Addicted to Colour and Texture: Franko
Contemporary visual artist Paul Franklin, or Franko, as he’s known on Bluethumb, is known for his prolific output, free use of colour and texture and the fact that he doesn’t take life too seriously.
According to Paul, his full-time art career started somewhat by accident around ten years ago. “I had actually just closed a chapter of my life, and my wife and I had bought a ‘renovator’. We had lots of blanks walls, so I started to experiment with ways to fill them. From the get go, I painted a mixed bag of subject matter and styles to suit each room, but always liked the depth of texture and layers, so everything came with ‘texture’. I also found it very forgiving. A mistake, simply became another layer. Friends and family started to say ‘Hey, that’s great – you should sell that.’ Not being sure if they were just being polite, I thought I would have a crack at it.”
“I didn’t ‘work’ for the next 12 months. That time was spent experimenting, learning and putting together a range of pieces that fitted into a few different ‘ranges’ that were always connected by the use of texture and layers.
Before this time, Paul was working in graphic design. “Graphic design and art are not so much distant cousins,” he says, “as they are brother and sister. People don’t view a great logo, or amazing advertisement layout in the same manner as a painting. Both require talent and creativity. My urban pop pieces are obviously a throwback to that time of my life.”
That commercial aspect of Paul’s work has carried over into his life in the ‘art world’, in his desire to create something with truly original appeal. “I experiment a lot but consider I am quite commercial in my approach looking to achieve a different “whole object” to present to the market, rather than a different thing, painted in a different way on the same old canvas.”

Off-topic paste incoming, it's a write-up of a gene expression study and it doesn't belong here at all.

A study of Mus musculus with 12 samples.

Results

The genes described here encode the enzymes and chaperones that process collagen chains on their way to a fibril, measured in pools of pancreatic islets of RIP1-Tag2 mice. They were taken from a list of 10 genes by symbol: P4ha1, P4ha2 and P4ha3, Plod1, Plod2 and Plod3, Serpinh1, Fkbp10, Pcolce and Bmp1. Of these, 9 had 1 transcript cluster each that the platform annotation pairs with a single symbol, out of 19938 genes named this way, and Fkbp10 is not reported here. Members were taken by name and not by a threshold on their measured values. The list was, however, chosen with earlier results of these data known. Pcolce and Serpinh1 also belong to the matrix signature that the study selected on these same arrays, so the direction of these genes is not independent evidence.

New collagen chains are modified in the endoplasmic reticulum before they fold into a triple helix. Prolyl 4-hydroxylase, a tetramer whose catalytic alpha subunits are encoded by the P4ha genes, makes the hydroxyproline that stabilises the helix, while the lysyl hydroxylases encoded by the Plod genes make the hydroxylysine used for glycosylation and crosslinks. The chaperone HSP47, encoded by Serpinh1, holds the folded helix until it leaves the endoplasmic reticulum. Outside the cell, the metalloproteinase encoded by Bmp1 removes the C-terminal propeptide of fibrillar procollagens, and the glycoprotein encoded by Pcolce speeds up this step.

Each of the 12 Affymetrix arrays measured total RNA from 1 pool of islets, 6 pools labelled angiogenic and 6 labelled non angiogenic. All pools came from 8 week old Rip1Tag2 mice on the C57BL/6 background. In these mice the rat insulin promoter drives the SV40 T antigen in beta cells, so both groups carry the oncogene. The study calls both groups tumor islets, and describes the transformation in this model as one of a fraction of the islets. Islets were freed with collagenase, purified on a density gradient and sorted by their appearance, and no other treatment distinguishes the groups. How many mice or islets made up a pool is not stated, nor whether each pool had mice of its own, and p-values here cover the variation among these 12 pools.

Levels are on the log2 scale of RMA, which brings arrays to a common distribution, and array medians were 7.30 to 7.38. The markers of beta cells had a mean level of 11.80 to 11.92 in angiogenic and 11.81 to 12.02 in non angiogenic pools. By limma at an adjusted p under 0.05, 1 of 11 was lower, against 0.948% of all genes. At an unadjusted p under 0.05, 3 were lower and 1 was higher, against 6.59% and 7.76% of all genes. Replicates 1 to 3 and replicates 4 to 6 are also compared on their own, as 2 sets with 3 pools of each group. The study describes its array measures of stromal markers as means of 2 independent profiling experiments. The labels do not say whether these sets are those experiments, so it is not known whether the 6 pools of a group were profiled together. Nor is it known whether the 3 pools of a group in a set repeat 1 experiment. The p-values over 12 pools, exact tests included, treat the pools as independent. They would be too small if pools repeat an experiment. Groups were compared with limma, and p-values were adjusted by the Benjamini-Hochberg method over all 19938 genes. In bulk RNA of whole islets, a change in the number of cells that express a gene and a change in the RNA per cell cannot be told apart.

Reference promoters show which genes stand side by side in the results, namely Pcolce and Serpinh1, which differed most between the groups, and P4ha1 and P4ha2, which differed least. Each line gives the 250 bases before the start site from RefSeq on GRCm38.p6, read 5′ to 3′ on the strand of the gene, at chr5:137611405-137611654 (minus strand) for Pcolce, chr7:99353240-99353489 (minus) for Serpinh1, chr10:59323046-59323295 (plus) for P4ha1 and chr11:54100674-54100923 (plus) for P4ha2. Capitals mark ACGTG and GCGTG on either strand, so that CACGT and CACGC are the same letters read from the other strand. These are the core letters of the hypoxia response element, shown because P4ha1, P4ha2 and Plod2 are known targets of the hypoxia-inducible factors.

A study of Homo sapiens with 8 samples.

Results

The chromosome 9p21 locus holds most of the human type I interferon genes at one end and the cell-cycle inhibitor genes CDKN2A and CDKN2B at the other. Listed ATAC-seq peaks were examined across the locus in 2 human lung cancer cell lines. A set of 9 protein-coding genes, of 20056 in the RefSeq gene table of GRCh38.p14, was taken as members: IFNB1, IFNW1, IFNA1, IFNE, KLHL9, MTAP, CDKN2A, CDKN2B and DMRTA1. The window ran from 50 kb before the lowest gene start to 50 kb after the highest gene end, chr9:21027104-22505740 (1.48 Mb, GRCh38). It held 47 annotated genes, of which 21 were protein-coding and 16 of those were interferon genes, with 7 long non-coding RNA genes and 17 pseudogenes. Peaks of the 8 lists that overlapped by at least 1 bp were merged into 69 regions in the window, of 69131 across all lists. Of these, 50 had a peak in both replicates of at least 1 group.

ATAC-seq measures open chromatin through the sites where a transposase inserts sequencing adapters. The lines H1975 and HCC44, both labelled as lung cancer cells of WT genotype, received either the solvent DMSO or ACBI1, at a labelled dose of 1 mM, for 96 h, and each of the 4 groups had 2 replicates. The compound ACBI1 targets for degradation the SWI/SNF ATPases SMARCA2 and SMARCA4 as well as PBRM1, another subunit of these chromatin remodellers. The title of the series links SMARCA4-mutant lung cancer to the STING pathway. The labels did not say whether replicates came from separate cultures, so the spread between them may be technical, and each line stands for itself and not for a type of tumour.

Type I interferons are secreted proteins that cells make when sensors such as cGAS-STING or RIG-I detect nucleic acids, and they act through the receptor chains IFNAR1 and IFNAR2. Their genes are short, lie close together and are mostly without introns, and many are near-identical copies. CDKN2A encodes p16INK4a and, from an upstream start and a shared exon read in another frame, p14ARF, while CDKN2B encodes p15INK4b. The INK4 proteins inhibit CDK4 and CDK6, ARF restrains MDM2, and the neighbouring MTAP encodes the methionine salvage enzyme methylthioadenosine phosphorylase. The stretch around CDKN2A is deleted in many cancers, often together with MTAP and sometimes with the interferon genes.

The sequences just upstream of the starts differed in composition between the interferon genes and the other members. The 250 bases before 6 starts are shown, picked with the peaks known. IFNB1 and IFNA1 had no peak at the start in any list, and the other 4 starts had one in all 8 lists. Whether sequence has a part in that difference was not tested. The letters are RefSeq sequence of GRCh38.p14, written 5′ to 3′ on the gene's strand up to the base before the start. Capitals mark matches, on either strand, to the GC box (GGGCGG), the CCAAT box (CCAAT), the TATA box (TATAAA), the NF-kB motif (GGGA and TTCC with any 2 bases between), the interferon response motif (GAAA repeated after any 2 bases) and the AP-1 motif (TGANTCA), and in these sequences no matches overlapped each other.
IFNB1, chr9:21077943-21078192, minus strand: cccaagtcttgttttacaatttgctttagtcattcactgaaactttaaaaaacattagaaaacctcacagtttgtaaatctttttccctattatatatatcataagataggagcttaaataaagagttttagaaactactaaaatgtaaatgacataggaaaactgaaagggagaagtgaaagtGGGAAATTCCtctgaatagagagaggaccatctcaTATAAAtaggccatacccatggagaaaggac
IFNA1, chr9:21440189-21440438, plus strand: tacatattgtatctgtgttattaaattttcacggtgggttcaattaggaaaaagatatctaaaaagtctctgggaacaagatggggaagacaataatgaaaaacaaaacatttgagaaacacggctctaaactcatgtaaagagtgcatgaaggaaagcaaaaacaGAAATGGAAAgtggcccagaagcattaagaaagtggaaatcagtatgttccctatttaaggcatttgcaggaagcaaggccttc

For example, Paul spent 2 years working on a concrete base that easily sticks to canvas. “I am not a fan of fake rocks. No matter how good they are, they will never pass as the real deal. So a paint that looked like concrete wouldn’t pass, and a slab is too heavy.”
Now, Paul says, he generally produces works that fall into four genres: Abstracts (his first love and sometimes his biggest challenge), Urban Pop (he gives these pieces a textured base, to represent an old wall with advertising posters), Industrial Pop (using materials such as vintage books and comics, concrete bases and upcycled palettes) and Abstract Realism (depicting persons or objects against an abstract background). In every genre, Paul’s approach centres on texture and layering.
Paul says of his approach to structure, “I will organize works in a ‘series’ and will also repeat the subject matter, or, with abstracts, the colour palette. However, I will present [the new piece] with different colours, composition or materials. One day I might use the colours or subject in an abstract realism piece and six months later on an urban pop piece.”
“There are advantages and disadvantages to working in multiple styles and series,” says Paul. “It can be a bit of a mind bender moving from one to another and I tend to spread myself way too thin between them, wishing for each to have its own success. On the other hand, I find that it’s always an adventure as there is always something new to mashup using a different method and set of tools to what I was using the day before.”
While he might not have a ‘story’ behind every piece of art, Paul says “I do find a lot of inspiration in things seen during travel. Simply put I am inspired by ‘Beauty,’ and that can just as easily be found in the colours of a decayed or rusted object as in a glamour magazine. I am all about ‘happy’ art… creating art that will make peoples living spaces joyful and bring smiles to the faces of my clients.